The other night I was taking a yin yoga class with Felicia Tomasko over at YogaGlo. I love so many things about her classes, and I especially love her yin classes. This one in particular was focused on detox, so lots of twists and long, long holds (languid, as she likes to describe them).
During one twist she said, “What you let go of is as important as what you take in.” She was specifically talking about breath, about exhaling, but it struck me as being very important in a much bigger way, and a way that is certainly relevant for me. You too, maybe.
As a person who has historically had an impossible time with conflict, especially with saying no, I don’t want that, I have found myself with an accumulation of relationships over the years — like we all do. During my childhood, when we moved every few weeks, I remember explicitly thinking that it didn’t matter about that person because we’d just be moving soon. And so I both learned that as a strategy, and simultaneously never had to learn how to stick with people and work things out. No need! Moving on, moving on, moving on.
Since the beginning of 2013, I’ve ended two friendships, the only two times in my life I’ve done that. Both relationships were toxic and quite bad for me, and in both cases I ended them completely, without equivocating. The two women involved made it very easy for me, and I’m grateful for that. I’ve never been able to end any relationship directly and so it was good that the need and reason were both so loud and clear.
And now, in the wake of the wide-ranging changes that have been happening with me over the past year, I find that I am listening to what people say in a different way. I am hearing them, hearing their actual words. I even kind of hear them in real-time, instead of a split second later which is how I used to hear them if I heard them at all. With a time lag, I’d realize what had just been said and my moment felt lost, the moment to say What? What did you just say to me?!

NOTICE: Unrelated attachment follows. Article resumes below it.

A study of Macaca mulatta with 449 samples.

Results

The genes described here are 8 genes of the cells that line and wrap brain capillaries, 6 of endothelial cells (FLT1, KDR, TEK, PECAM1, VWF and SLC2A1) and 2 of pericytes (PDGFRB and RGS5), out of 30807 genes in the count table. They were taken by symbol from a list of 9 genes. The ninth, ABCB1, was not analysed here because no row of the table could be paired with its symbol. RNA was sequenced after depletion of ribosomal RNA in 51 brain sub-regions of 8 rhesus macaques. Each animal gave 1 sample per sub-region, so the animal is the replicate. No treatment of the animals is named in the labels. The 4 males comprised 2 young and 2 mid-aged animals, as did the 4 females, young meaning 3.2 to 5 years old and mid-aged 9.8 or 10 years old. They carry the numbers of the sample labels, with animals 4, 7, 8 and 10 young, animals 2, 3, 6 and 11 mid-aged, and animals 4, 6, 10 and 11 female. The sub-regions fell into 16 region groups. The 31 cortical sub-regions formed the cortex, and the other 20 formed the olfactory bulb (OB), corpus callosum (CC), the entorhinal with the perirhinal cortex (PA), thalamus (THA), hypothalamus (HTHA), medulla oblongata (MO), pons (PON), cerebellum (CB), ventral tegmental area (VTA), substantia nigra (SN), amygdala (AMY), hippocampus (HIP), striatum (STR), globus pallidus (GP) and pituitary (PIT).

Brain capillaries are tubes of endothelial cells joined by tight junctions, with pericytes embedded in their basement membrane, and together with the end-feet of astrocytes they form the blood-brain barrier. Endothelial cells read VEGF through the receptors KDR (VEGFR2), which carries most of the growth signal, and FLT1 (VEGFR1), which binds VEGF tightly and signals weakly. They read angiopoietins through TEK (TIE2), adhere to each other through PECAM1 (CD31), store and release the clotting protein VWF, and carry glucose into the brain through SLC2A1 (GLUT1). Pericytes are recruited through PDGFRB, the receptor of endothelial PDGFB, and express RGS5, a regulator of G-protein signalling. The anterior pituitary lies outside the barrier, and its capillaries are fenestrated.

It’s not like this change is an easy one, necessarily, because it means I’m more likely to face a moment when I need to challenge what someone says, in that moment, and I’m not very skilled at that. (Plus, it’s scary. With only one very recent exception, most people lash out if you say something they don’t want to hear, turn the tables and blame the other. I need to remember my recent exception to this and let it hold weight.) And if I listen carefully to what people say to me, and there are enough instances of a certain kind, it may be that I need to let relationships go. There is only one current relationship I have that feels wobbly in this specific way, and I’m certainly not itching to throw gas on anything, or make a problem where none really exists, but I am hearing what she says.
It’s worth thinking about. What you let go of is just as important as what you take in. I don’t have trouble letting go of stuff; my life taught me all about that. I let go of place pretty easily, for better and for worse equally. The events of my life have taught me pretty loudly that nothing lasts forever, that it’s all, every last bit, going to change, transform, perhaps disappear in the way I have it. I haven’t yet faced a loss within myself that is grievous—all my limbs work painlessly, my senses all work, the most important organs are just pumping along without a problem, my mind works well enough—so dealing with the ordinary losses of aging have been easy to accept. Looking ahead to the losses I’m likely to face as a consequence of aging is a waste of now, and luckily now has become my favorite place to be.
Felicia’s comment about the importance of what you let go is surely about the things we choose to let go, like relationships that aren’t good, work that is crushing, habits that hurt. Since life feeds up a banquet of letting go of things we don’t want to let go of, perhaps the critical corollary is How you let of things is just as important as everything else.
You grieve. You acknowledge. You honor. Perhaps you find some kind of ritual. You understand the place of the loss in the scheme of things, yourself, your life, the world. You cherish and then you open your hands. You discover who you are without it, you discover who you are now, and you allow time for that to settle. In the perfect world, the one I hear about and only make the tiniest visits to, that’s how you let go of things. But it’s always worth the effort, I do believe, and the effort may take a very long time, a number of passes, some forwarding-and-backwarding. You understand that maybe it’s a process, not a one-time-only deal, a one-stop-shop.